Park Tae-hwan has expressed his hope that the KSOC rule will be waived ©Getty Images

South Korean swimmer Park Tae-hwan has pleaded for a chance to appear at Rio 2016 after his failed drugs test.

Park, who tested positive for testosterone before the 2014 Asian Games, wants the the Korean Sport and Olympic Committee (KSOC) to waive a rule preventing him from going to the Olympics.

The 26-year-old, the winner of the men’s 400 metres freestyle gold at Beijing 2008, received an 18-month ban after for his failure before the Asian Games in Incheon.

His suspension ended on March 2, due to the ban being backdated to the date on which he provided the positive sample on September 3, 2014.

However, the KSOC rule, introduced in 2014, states that any athlete who tests positive for banned drugs is not allowed to represent the national team for three years, starting on the day the suspension ends.

The swimmer opted to compete in the South Korean national team trials despite the regulation being in place, and claimed victories in the men’s 100m, 200m, 400m and 1,500m freestyle events, before asking for the ruling to be waived.

"As a swimmer, I feel it is most important to speak through records and results in the pool,” said Park, according to the news agency Reuters.

"I hope that I am given a chance so that I can deliver a good performance for the people and contribute to the nation."

The KSOC ruling caused controversy when introduced, with calls being made to amend the regulation.

Park Tae-hwan claimed Olympic gold with victory in the 400m freestyle event at Beijing 2008 but looks unlikely to compete at Rio 2016
Park Tae-hwan claimed Olympic gold with victory in the 400m freestyle event at Beijing 2008 but looks unlikely to compete at Rio 2016 ©Getty Images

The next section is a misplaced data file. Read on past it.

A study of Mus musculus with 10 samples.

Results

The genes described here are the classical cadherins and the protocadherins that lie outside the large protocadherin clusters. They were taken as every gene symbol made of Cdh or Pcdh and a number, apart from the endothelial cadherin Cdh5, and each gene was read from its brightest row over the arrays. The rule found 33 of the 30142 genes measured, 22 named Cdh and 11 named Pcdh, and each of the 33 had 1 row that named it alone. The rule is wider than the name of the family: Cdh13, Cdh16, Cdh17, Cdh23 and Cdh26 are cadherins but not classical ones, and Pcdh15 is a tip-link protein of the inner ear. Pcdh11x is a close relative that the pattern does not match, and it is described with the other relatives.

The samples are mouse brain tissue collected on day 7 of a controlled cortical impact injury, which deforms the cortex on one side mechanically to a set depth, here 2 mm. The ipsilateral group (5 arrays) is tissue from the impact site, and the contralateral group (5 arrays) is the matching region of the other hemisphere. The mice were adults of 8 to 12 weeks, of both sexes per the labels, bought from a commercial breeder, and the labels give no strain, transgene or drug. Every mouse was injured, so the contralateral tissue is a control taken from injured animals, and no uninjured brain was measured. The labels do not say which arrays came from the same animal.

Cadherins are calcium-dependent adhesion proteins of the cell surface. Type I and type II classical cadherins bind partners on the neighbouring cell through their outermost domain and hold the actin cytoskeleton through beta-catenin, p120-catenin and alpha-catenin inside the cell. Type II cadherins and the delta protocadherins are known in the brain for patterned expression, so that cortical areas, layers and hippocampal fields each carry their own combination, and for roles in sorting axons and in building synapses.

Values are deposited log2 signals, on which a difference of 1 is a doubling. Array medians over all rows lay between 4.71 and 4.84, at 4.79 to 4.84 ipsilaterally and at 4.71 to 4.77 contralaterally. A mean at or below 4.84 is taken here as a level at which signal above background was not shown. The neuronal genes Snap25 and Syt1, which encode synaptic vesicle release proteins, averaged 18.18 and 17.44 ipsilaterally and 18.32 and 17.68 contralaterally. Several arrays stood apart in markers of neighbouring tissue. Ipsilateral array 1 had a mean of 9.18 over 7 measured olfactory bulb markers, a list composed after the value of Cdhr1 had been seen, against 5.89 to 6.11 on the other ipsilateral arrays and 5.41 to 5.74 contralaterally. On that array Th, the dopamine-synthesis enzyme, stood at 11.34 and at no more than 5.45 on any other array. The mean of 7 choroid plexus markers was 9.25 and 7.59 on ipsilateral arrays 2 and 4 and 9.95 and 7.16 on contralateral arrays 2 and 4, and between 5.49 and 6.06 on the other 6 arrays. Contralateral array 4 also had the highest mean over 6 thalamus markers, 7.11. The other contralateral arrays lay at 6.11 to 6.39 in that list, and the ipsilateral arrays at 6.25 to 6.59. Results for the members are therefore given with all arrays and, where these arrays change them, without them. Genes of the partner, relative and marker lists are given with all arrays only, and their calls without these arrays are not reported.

It followed a Court of Arbitration for Sport decision in 2011 which ruled that the now-defunct Osaka Rule - which banned athletes convicted of serious doping offences from competing in the next Olympic Games - was "a violation of the International Olympic Committee's (IOC) own Statute and is therefore invalid and unenforceable”.

The Osaka Rule was originally implemented by the IOC in 2008.

Park’s doping test, which saw him miss last year’s World Championships in Kazan and caused him to be stripped of his silver and five bronze medals from the Asian Games, has also been the subject of debate.

The South Korean, who remains the only swimmer from the nation to have ever won an Olympic medal of any colour, has always denied wrongdoing.

The doctor who administered the substance, identified only by her surname Kim, was found guilty of breaching South Korea’s medical code after failing to log injections of banned anabolic steroid Nebido on Park’s records.

She was fined for injecting the steroid into her patient.

However, she has been cleared of the more serious charge of causing Park bodily harm and was declared free to continue to practice in December.

Kim alleges that Park knew he was receiving testosterone and vitamin injections when he visited her hospital in December 2013 and July 2014.

This is despite earlier denials from the four-time Olympic medallist’s management team.